In the past, classrooms often had a designated “computer area” because the technology needed to be placed in close proximity to outlets and cables. Now, technology takes on many different forms. Some classrooms have traditional set-ups, some have carts of laptops or tablets that travel between rooms, and others have one to one programs.

Do I need a dedicated technology area?
While you may not need to set aside a large area, you should take internet safety into consideration. Try to avoid having students working online in positions that prohibit you from viewing their screens. Although there are typically restrictions put in place by the district, there are times when students may still land on a site that is not appropriate. Every possible effort should be made to ensure students screens are never hidden from view.

What safety precautions should I be taking?
Take care not to overload electrical outlets with too many devices. Avoid using power strips. These are fire hazards. Be sure to know your school districts policies in regards to technology.

How should I organize my technology?

Technology changes at a rapid rate. In order to keep this resource timely, I have created a Pinterest board to showcase ways to organize tablets and other technology equipment. It can be accessed by visiting:
Clutter-Free Classroom's Technology Pinterest Board

There are still many classrooms that are very limited on technology. Some teachers have 1 computer and others may need to take their class to a computer lab or tech center. 

In order to set up a technology center in your room, you'll need to assess what is available to you. If the tech access in your school feels limited these tips may help:

If you have only one computer....

Decide how you would like to use it. Some options include using it as a teacher tool, allowing students to access it as a learning center or utilizing it as a small group presentation area. I've done this and have had the students view the monitor for lessons.

If you have more than one computer...

Consider if you want them to be clustered together or spread apart around the room. Initially, I always kept mine together because it seemed like the thing to do. However, it was hard to manage the noise level. Also, it was too crowded if I had more than one student working on a computer as I often do for interactive games. This year I spread them out around the room and was very happy with that decision.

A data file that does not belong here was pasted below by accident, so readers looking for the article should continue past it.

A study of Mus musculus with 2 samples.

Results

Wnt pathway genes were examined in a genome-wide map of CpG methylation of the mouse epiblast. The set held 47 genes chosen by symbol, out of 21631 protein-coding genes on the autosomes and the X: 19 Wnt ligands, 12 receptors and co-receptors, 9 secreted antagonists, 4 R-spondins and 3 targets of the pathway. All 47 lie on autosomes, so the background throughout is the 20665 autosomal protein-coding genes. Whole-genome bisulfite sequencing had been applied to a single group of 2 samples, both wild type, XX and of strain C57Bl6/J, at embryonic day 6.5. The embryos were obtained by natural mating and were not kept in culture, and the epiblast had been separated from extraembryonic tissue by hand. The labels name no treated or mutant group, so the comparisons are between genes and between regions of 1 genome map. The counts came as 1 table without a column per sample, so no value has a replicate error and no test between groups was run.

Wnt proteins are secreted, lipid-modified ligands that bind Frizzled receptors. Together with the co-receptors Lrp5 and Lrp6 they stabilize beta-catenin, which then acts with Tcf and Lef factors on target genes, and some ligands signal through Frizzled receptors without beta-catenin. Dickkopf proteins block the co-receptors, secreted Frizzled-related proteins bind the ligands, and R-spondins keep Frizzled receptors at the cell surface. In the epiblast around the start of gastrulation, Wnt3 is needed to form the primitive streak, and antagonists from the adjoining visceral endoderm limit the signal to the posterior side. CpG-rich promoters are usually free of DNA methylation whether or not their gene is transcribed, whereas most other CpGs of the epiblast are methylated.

Things to consider when setting them up:
  • location of electrical outlets
  • location of internet connections
  • ability for kids to access usb ports
  • height of the computers (eye level for the monitor, keyboard easy to access)
  • glare from lights and windows
  • space around the computer for paper/clipboards to complete activities
  • comfortable seating
  • avoid having the screens facing student work areas in a way that will distract other students
  • keep cords out of walking paths
  • do not place cords under rugs as the friction can be a fire hazard
  • use cable ties to keep cords neat
Here's a great idea to keep cords organized...use bread ties to label the top and bottom of cords.

This display automatically gets 2 thumbs up from me for its use of 3D elements. I love when things pop. Plus, how happy would I be to eat takeout for a month to gather the containers.

What a cute little addition to a computer center. It's a CD flowerpot!

A display like this would look great hanging behind or above classroom computers.

I think these bulletin boards are a great visual reminder of the programs available. I obviously wouldn't fill an entire wall in my classroom (this is a computer lab), but you could make smaller versions of these on file folders that students can use in the classroom or take to our lab.

How adorable is this little project? What a great way to get kids practicing keyboarding.

A color coded keyboard will help little fingers remember the important keys.

Pick and click any or all of the options below.